Inflation expectations in Germany have risen to their highest level since the surveys began.

As the Deutsche Bundesbank announced on Monday, private households expected an average of 6.9 percent inflation for the next twelve months in April.

In March it was still 5.8 percent.

At 5.2 percent, the expected average inflation rate for the next five years was more than five percent for the first time since the survey began.

Christian Siedenbiedel

Editor in Business.


A study by Bank ING recently came to 14 percent.

After all, many everyday goods in Germany are now showing double-digit price increases compared to the previous year.

Heating oil rose particularly sharply by 98.6 percent, fuel by 38.5 percent and natural gas by 47.5 percent.

Food was 8.6 percent more expensive than in the same month last year.

The prices for edible oil and fats rose by 27.3 percent, for meat and meat products by 11.8 percent and for dairy products and eggs by 9.4 percent.

Inflation expectations are given more attention in monetary policy today than they used to be.

This is also related to the further development of economic theory in this area.

As expectations unanchor, inflation can continue to rise in worrying ways.

The mechanism works as follows: "Inflation expectations are 'anchored' when companies, trade unions and financial market participants expect long-term inflation rates that correspond to the definition of price stability," writes the Bundesbank in a report: "Then a central bank has committed itself convincingly and credibly to its goal .”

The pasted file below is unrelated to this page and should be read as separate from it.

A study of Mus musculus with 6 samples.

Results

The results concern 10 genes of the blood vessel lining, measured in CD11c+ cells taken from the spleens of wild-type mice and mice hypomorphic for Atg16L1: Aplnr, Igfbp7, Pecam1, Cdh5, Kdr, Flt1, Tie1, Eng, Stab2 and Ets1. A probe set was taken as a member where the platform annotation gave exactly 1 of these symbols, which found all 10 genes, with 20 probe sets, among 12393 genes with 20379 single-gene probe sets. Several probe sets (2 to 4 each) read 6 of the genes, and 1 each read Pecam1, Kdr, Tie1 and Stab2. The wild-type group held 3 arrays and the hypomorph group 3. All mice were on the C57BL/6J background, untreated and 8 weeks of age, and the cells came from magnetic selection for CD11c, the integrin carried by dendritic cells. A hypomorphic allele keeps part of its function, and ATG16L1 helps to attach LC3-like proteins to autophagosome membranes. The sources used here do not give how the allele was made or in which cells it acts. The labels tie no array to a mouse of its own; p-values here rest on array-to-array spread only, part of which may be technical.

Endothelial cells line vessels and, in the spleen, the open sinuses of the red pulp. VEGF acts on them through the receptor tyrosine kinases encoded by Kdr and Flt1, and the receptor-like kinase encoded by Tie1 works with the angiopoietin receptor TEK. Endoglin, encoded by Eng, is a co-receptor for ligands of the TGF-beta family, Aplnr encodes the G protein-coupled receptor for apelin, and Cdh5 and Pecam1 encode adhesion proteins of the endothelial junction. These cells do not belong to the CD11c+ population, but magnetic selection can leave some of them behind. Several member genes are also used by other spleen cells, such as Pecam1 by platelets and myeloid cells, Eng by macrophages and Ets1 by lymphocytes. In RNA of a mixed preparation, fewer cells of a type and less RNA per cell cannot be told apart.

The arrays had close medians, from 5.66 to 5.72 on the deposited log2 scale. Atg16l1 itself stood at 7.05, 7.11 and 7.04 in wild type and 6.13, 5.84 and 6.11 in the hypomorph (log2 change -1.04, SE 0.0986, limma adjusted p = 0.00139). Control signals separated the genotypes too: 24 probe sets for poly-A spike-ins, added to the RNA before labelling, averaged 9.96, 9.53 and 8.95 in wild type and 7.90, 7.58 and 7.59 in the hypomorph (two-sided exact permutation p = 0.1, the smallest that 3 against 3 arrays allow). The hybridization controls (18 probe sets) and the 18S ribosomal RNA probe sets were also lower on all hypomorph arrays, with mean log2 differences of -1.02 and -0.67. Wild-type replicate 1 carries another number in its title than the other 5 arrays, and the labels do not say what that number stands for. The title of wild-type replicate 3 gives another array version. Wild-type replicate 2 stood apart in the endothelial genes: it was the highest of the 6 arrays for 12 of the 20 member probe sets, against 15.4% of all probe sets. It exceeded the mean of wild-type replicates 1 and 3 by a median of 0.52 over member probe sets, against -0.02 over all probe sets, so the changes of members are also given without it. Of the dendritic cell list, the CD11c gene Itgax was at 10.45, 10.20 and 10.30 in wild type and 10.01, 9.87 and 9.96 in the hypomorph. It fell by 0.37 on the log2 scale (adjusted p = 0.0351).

If, on the other hand, expectations become unanchored, there is a risk of high wage demands, which in turn can prompt companies to raise prices.

ECB sees no “unanchoring” of inflation expectations

For monetary policy, the European Central Bank (ECB) monitors both the inflation expectations of professional forecasters and the expectations on the capital market, as well as those of private households.

Those responsible for the ECB have already reported several times on an increase in inflation expectations in the euro area as a whole, but have mostly rejected any "unanchoring" of inflation expectations.

The head of the French central bank, François Villeroy de Galhau, has now said that the ECB can no longer ignore the fact that inflation expectations are also changing: “There are signs – including in the Banque de France company surveys – that these expectations are less and less anchored at 2 percent are.” This is an argument for tightening monetary policy in the near future.

One risk associated with high inflation expectations is a wage-price spiral.

If the view continues to prevail that inflation is not only so high temporarily, but over a longer period of time, and the central bank does not get it under control so quickly, more and more trade unions will also demand higher inflation compensation in collective bargaining rounds.

If higher wages can then be enforced, which is again an important question, then this can drive inflation further.